Paul O’Connell is looking for Ireland to maintain “the progress and momentum” they gained last year when they tackle Wales on Sunday week.
The Munster lock, who scored on his Test debut against the Welsh in 2002, is set to make his 40th appearance for Ireland when they kickstart their Six Nations bid at the Millennium Stadium.
Heartened by Ireland’s performances in 2006 which saw them garner a Triple Crown and notable wins over South Africa and Australia, O’Connell said: “Our last Six Nations campaign was a huge step forward for us and we will be aiming to maintain that progress and momentum when the tournament begins.
“In terms of the results and the way we played, 2006 was very pleasing – we played clever rugby. But we can’t get too far ahead of ourselves. We’re very aware that this a World Cup year but the tournament is in September and there are a lot of games have to be played before then.
“Our minds must be focused on the Millennium Stadium and on Wales. It’s a daunting challenge because the big names that celebrated their Grand Slam success (in 2005) are back in the squad, apart from Shane Williams.
“Wales have players back from injury, Italy are getting stronger, Scotland are improving and England and France are always going to be tough to beat.
“Six or eight years ago, France or England would have been the dominant forces but we can’t say that now.”
O’Connell, who has had the added responsibility of being Munster captain this season, has been delighted with the development of some Ireland’s more inexperienced squad members, particuarly those from north of the border.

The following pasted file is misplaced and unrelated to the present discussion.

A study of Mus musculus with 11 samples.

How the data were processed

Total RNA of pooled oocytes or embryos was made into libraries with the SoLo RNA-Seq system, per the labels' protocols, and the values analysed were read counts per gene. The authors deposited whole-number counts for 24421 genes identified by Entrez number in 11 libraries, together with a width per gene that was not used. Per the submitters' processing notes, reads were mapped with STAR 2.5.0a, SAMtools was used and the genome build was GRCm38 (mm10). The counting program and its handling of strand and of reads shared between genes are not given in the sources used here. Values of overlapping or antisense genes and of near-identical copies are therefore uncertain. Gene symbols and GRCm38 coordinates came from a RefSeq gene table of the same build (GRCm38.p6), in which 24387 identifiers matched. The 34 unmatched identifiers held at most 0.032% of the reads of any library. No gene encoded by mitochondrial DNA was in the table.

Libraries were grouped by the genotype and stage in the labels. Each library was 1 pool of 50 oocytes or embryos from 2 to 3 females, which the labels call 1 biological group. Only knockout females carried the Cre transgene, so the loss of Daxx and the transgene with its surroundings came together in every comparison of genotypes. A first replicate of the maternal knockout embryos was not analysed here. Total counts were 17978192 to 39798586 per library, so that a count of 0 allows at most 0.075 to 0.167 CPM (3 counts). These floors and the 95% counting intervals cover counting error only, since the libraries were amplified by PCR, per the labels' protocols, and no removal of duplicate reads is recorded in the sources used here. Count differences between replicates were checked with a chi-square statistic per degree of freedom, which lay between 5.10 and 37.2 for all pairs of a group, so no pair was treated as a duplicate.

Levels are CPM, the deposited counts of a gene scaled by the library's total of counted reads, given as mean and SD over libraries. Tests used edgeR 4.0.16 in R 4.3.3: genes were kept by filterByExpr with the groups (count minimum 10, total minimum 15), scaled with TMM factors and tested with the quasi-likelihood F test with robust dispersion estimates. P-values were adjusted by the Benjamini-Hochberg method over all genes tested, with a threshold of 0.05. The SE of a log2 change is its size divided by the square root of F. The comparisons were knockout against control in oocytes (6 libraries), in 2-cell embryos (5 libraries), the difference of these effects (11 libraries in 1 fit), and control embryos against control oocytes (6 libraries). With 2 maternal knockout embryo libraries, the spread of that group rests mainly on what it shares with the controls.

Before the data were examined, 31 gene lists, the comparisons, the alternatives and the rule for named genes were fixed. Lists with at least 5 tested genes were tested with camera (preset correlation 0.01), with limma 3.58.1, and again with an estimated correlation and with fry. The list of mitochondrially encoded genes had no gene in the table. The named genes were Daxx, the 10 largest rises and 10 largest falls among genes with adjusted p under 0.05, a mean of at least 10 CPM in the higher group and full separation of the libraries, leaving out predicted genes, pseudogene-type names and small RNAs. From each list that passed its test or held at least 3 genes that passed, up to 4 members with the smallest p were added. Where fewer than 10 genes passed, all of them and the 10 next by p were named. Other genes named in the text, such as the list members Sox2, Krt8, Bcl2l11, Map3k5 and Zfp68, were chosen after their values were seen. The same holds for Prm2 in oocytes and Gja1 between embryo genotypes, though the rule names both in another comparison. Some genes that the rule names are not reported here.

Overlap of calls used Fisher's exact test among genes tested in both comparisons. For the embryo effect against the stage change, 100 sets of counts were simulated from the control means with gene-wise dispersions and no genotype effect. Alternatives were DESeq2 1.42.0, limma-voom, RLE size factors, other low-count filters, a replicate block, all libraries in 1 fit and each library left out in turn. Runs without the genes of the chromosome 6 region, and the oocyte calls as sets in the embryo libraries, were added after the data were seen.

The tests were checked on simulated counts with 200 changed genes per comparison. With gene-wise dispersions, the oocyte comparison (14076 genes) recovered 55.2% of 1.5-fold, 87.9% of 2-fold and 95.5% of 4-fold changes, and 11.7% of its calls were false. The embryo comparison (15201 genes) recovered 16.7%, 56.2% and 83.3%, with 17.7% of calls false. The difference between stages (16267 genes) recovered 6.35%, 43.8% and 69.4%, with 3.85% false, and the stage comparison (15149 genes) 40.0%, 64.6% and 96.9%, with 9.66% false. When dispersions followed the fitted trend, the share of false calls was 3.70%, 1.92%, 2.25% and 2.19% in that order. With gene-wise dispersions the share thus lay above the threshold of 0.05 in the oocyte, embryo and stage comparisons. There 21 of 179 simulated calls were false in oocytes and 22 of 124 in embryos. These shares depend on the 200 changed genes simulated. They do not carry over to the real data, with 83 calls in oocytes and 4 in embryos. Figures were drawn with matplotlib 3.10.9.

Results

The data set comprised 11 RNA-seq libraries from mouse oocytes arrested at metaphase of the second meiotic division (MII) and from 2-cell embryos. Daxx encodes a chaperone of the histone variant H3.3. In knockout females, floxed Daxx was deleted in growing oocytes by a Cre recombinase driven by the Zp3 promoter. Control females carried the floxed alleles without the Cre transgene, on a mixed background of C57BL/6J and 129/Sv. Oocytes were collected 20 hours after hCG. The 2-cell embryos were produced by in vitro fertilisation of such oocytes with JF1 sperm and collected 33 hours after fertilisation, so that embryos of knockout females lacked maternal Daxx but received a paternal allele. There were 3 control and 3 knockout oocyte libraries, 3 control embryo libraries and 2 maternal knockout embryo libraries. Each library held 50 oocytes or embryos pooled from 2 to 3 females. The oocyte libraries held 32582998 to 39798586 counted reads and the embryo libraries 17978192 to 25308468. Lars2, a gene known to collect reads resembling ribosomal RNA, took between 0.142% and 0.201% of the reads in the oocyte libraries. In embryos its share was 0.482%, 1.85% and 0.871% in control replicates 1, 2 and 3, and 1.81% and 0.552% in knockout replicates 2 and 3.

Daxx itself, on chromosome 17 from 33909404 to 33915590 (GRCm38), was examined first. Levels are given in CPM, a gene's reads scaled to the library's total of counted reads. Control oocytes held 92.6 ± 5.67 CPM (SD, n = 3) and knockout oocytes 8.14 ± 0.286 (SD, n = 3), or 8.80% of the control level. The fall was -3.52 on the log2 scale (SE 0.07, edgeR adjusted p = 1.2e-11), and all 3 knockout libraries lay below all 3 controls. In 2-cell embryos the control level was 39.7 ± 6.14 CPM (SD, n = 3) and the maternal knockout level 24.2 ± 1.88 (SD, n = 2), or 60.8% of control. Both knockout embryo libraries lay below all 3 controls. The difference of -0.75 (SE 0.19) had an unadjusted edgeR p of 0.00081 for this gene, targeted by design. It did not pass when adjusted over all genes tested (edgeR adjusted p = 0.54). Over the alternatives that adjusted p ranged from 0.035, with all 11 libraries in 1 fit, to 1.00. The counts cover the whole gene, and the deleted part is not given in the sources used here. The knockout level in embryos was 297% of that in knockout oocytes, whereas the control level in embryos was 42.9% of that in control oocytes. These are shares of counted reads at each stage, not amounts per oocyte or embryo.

Over the past year, the amount of Ulster players making the Irish squad has steadily grown and they may just hold the key to Ireland ending their 22-year wait for a championship title.
“It was great to see the newer guys coming in and doing so well during the summer tour and the autumn internationals,” said the 27-year-old lock.
“I worked with Rory Best a lot during the autumn and he is a very tidy scrummager and hooker. Neil (Best) is the same as his game enjoyed a massive lift during the autumn, he has a great attitude and is a really tough tackler.
“The Ulster players coming through has reflected the success they’ve had in the Magners League. Paddy Wallace, of course, was the man of the match against the Pacific Islanders.
“Andrew (Trimble) is a very nice lad, a very powerful, raw runner who is hard to take down – we saw that against South Africa with his fabulous try and hand-off. Tommy Bowe is another huge talent.”
A Triple Crown and Heineken Cup winner last year, O’Connell knows Ireland could be on the verge of something special in 2007.
“The Six Nations is a massive competition which everyone is desperate to do well in. If we can keep playing well as a unit it will leave us in a healthy position going into the World Cup but it’s a competition which brings its own rewards and glory,” added the IRB Player of the Year nominee.